Wednesday, October 03, 2007

National Poetry Day

Tomorrow, as I'm sure everyone is aware, is National Poetry Day. Over on Musings from a Muddy Island Juliet has posted some poems about geese and that leads me via a tortuous route to Siegfried Sassoon. Following some of her links to goose-related sites, I stumbled upon an Irish-American society called Wild Geese and I found an article on their website about Sassoon. That reminded me of a visit to King's Theatre in Portsmouth in 1987 to see a wonderful one-man show by Peter Barkworth, called simply Siegfried Sassoon.

I offer no apology, if you didn't know before why my blog is called Random Distractions, you certainly do now!

The show was simple but very powerful. Peter Barkworth portrayed Sassoon's experiences of war, hospital and return to civilian life through extracts from his poetry and prose. The evening ended with one of those rare dramatic experiences where the audience is moved to a tangible silence. This is the poem that affected everyone so deeply:

Everyone Sang

Everyone suddenly burst out singing;

And I was filled with such delight
As prisoned birds must find in freedom,
Winging wildly across the white
Orchards and dark-green fields; on--on--and out of sight.

Everyone's voice was suddenly lifted;
And beauty came like the setting sun:
My heart was shaken with tears; and horror
Drifted away . . . O, but Everyone
Was a bird; and the song was wordless; the singing will never be done.

April 1919
Siegfried Sassoon (1886-1967)

That is my contribution to National Poetry Day. If you would like to name a favourite, I'll include as many as possible in my next post.


  1. This is Just to Say (by William Carlos Willams, 1962)

    I have eaten
    the plums
    that were in
    the icebox

    and which
    you were probably
    for breakfast

    Forgive me
    they were delicious
    so sweet
    and so cold


  2. What a lovely idea. Here's my contribution: a poem by W.B. Yeats that I first read when I was very young and which has never left me.

    The Song of Wandering Aengus

    I went out to the hazel wood,
    Because a fire was in my head,
    And cut and peeled a hazel wand,
    And hooked a berry to a thread;
    And when white moths were on the wing,
    And moth-like stars were flickering out,
    I dropped the berry in a stream
    And caught a little silver trout.

    When I had laid it on the floor
    I went to blow the fire a-flame,
    But something rustled on the floor,
    And someone called me by my name:
    It had become a glimmering girl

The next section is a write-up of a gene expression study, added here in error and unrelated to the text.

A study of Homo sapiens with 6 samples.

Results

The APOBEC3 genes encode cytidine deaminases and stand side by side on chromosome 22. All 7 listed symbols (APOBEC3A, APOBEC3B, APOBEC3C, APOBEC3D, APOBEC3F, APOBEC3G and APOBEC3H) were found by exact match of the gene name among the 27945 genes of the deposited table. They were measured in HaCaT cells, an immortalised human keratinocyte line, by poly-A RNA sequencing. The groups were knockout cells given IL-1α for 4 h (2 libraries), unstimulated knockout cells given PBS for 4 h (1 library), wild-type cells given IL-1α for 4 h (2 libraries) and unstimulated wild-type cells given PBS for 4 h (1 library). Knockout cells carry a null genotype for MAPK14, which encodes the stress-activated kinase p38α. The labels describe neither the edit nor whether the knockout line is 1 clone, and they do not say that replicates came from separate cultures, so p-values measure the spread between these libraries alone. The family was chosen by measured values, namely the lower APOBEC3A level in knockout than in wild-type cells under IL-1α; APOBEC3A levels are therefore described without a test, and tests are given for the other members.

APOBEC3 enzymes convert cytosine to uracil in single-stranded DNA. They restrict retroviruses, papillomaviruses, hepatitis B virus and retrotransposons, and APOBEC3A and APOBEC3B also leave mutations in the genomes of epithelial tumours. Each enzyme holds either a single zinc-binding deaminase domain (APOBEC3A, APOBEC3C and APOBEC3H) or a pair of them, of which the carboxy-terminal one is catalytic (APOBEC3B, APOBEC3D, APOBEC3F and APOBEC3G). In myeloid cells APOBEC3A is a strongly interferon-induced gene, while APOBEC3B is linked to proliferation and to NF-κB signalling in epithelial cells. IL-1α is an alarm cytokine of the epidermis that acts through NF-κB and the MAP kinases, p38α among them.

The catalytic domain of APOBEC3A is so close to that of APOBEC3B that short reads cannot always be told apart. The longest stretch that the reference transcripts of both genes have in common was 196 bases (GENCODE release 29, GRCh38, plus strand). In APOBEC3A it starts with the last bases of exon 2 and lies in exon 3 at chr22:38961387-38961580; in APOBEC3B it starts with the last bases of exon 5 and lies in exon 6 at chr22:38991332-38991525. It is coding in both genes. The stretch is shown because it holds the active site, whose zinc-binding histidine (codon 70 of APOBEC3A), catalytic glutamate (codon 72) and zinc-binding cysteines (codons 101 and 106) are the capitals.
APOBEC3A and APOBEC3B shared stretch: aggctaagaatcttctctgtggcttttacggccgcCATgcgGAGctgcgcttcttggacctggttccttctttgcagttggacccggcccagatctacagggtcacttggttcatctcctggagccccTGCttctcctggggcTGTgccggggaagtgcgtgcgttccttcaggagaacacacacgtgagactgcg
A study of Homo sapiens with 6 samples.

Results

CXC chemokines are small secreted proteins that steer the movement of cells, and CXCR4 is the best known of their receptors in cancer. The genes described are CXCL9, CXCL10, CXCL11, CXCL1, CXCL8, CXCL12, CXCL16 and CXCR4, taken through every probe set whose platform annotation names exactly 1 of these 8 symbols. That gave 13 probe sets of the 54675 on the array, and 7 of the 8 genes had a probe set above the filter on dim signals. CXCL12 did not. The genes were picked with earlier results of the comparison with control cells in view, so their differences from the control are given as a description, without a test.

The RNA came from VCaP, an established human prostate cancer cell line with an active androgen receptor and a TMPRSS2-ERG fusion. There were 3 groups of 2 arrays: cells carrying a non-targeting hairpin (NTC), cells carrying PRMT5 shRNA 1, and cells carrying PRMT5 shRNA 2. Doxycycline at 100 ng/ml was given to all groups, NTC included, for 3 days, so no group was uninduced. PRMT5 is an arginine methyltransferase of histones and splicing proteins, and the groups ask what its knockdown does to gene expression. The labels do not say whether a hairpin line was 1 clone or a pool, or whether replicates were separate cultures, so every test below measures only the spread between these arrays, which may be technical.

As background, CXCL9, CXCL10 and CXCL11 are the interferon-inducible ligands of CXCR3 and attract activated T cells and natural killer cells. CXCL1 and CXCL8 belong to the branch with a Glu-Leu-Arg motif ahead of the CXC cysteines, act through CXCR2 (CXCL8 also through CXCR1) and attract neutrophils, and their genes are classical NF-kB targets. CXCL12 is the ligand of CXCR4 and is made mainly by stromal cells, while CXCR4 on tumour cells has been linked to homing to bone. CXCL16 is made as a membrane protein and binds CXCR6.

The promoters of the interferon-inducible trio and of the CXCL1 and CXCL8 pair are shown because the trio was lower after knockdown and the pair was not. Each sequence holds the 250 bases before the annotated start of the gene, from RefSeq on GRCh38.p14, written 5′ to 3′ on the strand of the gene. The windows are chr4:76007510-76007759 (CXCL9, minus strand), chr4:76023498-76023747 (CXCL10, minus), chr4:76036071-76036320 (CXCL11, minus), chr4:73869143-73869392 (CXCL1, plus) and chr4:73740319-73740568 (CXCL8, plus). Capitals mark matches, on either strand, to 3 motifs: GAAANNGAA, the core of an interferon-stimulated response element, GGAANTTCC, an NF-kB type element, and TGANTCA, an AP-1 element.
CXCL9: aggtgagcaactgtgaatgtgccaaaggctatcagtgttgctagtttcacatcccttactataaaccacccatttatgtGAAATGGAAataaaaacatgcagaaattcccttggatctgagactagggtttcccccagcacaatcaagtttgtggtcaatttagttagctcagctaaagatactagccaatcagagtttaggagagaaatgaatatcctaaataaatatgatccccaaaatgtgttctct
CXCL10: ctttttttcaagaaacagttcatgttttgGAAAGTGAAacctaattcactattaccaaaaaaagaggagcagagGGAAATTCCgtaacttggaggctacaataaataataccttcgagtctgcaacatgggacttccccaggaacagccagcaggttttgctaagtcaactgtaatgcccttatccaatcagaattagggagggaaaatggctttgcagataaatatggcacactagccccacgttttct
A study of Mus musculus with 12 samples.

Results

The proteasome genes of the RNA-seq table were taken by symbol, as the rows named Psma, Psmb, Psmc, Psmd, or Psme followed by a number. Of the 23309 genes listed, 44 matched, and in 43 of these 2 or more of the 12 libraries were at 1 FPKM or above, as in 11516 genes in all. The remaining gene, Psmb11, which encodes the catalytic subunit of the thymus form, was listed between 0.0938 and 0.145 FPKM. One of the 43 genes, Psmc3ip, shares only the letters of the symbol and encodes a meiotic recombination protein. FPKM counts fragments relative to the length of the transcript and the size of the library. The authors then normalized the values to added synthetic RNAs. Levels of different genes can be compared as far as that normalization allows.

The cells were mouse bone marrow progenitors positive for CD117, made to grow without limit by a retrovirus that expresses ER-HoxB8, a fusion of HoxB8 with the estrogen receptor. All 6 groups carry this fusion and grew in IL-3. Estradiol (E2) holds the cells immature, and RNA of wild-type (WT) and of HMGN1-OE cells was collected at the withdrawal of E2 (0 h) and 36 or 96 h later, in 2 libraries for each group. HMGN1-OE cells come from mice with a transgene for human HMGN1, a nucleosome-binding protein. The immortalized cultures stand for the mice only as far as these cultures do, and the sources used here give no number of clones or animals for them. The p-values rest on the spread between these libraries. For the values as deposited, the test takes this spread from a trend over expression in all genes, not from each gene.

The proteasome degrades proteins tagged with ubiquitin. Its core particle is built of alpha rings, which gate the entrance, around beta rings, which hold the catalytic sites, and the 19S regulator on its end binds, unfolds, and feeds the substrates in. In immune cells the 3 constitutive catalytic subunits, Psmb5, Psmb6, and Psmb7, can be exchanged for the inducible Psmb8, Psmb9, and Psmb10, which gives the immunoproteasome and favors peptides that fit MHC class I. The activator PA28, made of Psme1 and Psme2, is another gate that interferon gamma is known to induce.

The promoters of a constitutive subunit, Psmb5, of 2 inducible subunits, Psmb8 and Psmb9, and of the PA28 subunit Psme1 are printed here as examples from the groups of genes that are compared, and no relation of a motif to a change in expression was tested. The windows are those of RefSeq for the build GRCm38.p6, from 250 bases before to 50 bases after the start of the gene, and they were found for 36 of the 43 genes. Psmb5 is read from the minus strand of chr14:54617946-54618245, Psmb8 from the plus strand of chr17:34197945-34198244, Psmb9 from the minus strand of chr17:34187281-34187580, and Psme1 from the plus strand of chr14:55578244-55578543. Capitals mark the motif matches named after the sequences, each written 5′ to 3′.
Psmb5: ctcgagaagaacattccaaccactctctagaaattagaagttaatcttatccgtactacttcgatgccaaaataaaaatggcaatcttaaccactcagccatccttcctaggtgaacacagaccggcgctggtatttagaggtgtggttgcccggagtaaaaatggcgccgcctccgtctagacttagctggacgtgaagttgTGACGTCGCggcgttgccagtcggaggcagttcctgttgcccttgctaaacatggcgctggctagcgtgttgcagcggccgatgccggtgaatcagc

With apple blossom in her hair
    Who called me by my name and ran
    And faded through the brightening air.

    Though I am old with wandering
    Through hollow lands and hilly lands,
    I will find out where she has gone,
    And kiss her lips and take her hands;
    And walk among long dappled grass,
    And pluck till time and times are done,
    The silver apples of the moon,
    The golden apples of the sun.

  3. Thank you. I haven't read any Yeats for a long time and this reminds me of what I've been missing. I should allocate a day each month to read only poetry.

  4. I simply adore The Listeners by Walter de la Mare. Something so mysterious and haunting about it. Iwill see if I can get it onto my blog

  5. Elaine,
    I've added it to today's post. It takes me back to my primary school days when my favourite poems were 'The Listeners' and Kipling's 'The way through the woods.' When I started teaching English myself, I used them to inspire mystery stories.

  6. This is uncanny. When I woke up this morning, I thought to add a few of Kipling's words to this post, but then typically forgot about it. I haven't thought of Kipling in probably decades. I'd look for something appropriate, but I'm working on my husband's PC, my laptop having died, and it's very unsatisfactory.

  7. erp,
    I look forward to your choice when you have your new laptop - I've left a comment over on your blog.

  8. Thanks.

    My husband took me to the Olive Garden for lunch I love their Eggplant Parmigiana. It's very crispy and their marinara sauce is not too spicy. I always ask for the sauce (or as my Italian descent husband calls it, gravy) on the side. Comes with just enough spaghetti for a person lacking genetic material from Sicilia to eat. I used to like their salads as well, but since I can't eat leafy green vegetables anymore, I make due with sopping up the dressing with the "breadsticks."

    The restaurant has an unobstructed view of the ocean. It's always a different and this afternoon the view of the heavy clouds in the distance was beautiful. I'm sorry I didn't have the camera with me.

    Here's one of my favorites.

  9. erp, I do believe you are a poet at heart. That description of the view from the restaurant is quite lyrical and I noticed the creative touch in your post on the rain. Perhaps we'll be publishing your work soon instead of Kipling's! (I won't tell the Duckians, we have to have one woman they take seriously.)

  10. You're very kind, but it's not hard to wax lyrical about the ocean. It's gorgeous in every mood, but the grays of the cloudy days are most expressive. Unfortunately, it's those days that I'm most like to forget the camera.

    Duckians have found a woman they take seriously? Surely you jest.

  11. Duckians have found a woman they take seriously? Surely you jest.